Carmel Premises Liability Lawyer
Whether you were injured in someone’s private home, a public building, a restaurant, or the mall, you may be able to hold the responsible party accountable for your injuries by filing a premises liability claim. Landlords, property owners, and business owners have a duty to maintain a reasonably safe premises for all invitees, and any preventable injuries that occur may be subject to a lawsuit if it is found that the property/business owner failed to take reasonable care in maintaining their premises and addressing potential hazards. If you or a loved one suffered an injury due to a property owner’s negligence, the Carmel premises liability lawyers at Indianapolis Injury Lawyers can help make you financially whole.
Types of Premises Liability Lawsuits
- Trip and fall;
- Slip and fall;
- Injury from falling objects or improperly stacked/stored merchandise;
- Pool drownings or other types of pool injuries;
- Trampoline accidents;
- Dog bites and dog attacks;
- Burn injuries;
- Food poisoning (from a restaurant);
- Collapsed stairs or porch;
- Elevator accidents;
- Negligent security injuries;
- Toxic chemical or dangerous substance exposure;
- Snow or ice accidents; and
Common Injuries in Premises Accidents
- Broken collarbone;
- Fractured hip;
- Lacerations and contusions;
- Traumatic Brain Injury (TBI);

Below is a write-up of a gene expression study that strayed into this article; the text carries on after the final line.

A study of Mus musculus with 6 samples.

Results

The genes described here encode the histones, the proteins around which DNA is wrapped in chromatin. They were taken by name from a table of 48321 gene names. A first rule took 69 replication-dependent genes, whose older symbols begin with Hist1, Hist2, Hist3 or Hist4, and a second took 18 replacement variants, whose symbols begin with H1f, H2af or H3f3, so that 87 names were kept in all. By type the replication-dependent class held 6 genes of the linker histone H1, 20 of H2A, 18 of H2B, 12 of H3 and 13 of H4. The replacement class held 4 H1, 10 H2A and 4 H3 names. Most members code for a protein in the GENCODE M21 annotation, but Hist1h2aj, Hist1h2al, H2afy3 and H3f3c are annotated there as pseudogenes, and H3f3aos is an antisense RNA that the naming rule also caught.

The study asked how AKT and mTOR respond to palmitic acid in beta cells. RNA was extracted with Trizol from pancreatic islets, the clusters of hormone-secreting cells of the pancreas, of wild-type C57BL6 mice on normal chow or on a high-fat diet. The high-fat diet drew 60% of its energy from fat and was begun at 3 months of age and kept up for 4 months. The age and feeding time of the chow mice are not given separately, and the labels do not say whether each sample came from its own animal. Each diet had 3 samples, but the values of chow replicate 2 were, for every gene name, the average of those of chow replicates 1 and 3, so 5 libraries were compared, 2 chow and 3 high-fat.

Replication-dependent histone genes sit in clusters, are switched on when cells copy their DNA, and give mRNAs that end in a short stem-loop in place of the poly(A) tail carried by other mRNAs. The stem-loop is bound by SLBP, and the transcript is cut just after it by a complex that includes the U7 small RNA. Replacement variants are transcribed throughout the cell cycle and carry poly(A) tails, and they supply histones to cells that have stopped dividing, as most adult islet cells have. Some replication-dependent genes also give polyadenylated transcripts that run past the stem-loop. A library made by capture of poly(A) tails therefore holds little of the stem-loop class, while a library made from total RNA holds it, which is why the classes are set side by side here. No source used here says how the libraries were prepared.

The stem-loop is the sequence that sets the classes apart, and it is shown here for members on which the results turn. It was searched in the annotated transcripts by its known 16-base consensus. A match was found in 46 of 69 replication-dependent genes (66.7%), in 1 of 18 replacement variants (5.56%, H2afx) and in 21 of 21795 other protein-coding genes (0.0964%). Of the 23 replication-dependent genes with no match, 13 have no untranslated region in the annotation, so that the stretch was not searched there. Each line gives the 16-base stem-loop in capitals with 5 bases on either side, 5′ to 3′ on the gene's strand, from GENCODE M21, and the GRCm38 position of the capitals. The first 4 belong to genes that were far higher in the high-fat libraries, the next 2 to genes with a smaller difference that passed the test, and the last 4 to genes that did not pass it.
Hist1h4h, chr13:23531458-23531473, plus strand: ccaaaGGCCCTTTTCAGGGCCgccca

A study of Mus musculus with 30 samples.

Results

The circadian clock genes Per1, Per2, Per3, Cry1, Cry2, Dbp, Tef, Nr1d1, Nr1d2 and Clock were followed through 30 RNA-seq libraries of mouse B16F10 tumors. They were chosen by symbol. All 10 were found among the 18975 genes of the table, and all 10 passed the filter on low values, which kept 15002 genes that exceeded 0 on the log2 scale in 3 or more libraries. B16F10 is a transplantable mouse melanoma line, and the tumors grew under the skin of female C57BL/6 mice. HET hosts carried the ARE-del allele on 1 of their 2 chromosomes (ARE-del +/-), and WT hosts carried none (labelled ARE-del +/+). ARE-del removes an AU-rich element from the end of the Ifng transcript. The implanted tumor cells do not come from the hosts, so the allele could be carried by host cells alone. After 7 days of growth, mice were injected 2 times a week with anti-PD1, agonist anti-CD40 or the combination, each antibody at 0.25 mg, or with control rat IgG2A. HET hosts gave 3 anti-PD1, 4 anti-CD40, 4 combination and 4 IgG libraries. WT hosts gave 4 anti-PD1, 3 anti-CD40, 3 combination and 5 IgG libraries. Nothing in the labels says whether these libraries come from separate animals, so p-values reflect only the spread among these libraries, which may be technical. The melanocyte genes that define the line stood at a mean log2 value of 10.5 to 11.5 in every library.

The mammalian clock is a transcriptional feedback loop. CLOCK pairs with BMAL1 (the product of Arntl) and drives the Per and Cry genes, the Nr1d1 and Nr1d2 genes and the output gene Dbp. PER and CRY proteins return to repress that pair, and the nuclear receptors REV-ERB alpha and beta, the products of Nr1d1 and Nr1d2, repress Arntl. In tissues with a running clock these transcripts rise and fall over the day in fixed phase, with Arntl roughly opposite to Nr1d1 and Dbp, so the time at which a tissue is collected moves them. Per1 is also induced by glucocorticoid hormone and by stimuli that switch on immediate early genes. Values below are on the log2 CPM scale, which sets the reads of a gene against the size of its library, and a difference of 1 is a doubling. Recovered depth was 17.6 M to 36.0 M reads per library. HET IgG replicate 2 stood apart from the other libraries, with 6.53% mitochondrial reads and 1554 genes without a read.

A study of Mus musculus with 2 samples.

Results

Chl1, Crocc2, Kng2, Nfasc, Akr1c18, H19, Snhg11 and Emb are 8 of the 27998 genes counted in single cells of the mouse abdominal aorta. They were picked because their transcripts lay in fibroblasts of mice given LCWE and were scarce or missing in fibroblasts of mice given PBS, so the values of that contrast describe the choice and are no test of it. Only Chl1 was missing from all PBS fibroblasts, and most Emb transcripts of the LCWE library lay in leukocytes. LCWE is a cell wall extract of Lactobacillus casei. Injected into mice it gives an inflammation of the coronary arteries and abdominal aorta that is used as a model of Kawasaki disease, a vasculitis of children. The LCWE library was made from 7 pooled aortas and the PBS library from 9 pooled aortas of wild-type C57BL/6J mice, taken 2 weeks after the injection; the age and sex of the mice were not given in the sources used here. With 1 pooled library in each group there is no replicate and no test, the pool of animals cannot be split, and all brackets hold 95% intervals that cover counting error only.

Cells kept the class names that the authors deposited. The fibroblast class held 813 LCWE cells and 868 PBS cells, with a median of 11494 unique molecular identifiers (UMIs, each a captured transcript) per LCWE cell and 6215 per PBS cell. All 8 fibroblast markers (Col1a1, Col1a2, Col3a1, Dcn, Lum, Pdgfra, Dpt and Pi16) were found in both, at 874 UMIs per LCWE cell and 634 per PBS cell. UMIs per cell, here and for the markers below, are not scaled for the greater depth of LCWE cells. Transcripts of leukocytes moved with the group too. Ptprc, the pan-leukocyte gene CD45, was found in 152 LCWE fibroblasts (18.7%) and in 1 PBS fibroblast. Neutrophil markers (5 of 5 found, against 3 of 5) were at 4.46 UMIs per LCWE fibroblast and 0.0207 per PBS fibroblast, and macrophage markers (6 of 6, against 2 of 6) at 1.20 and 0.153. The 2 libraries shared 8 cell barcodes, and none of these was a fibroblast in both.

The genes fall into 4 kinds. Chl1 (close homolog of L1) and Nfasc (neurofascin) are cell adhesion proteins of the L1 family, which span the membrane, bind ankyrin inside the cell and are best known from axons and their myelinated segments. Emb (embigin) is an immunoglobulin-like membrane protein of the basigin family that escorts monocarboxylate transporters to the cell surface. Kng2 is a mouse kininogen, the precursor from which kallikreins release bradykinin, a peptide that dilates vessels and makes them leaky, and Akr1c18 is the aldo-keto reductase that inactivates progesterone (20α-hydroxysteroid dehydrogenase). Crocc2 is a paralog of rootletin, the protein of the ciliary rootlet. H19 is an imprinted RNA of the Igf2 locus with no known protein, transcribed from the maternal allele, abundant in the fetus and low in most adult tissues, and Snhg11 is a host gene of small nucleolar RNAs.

- Torn ACL, meniscus, quadricep tendon, or Achilles tendon;
- Rotator cuff tears;
- Spinal cord injuries;
- Herniated disc;
- Fractured vertebrae;
- Broken wrist or ankle;
- Puncture wounds;
- Brain damage due to drowning;
- Facial injuries including permanent scarring and disfigurement; and
- Fractured ribs.
These injuries can result in large medical bills (the average cost of a fall injury is over $14,000 according to the Joint Commission), lost wages, pain and suffering, loss of joy of life, emotional distress, and other economic and non-economic damages.
Duty of Care
All property owners have a duty of care to keep their premises reasonably safe for all invitees. In fact, property owners have this duty even to trespassers, particularly child trespassers, and can be held liable for injuries or death under statute 34-31-11-3.
Real or Constructive Knowledge
In order for a property owner or business owner to be held liable for a premises accident, the plaintiff must show that the defendant had actual or constructive knowledge of a hazard, and failed to act. An example of actual knowledge would be seeing that a hand railing on a stairway was damaged and needs to be replaced. An example of constructive knowledge: the building had water and mold damage from a burst pipe in the second story, resulting in wood rot; as such, the owner has constructive knowledge that the stairway, and handrailing, may be damaged. If the owner failed to act, having real or constructive knowledge of a hazard, they can be held liable.
Call a Carmel Premises Liability Attorney Today
As the victim of a premises injury, the at-fault party is responsible for covering all of your damages. The Carmel personal injury attorneys at Indianapolis Injury Lawyers are experienced in all manners of premises accidents, and can review your case at no cost. Call 317-455-4043 to schedule a consultation.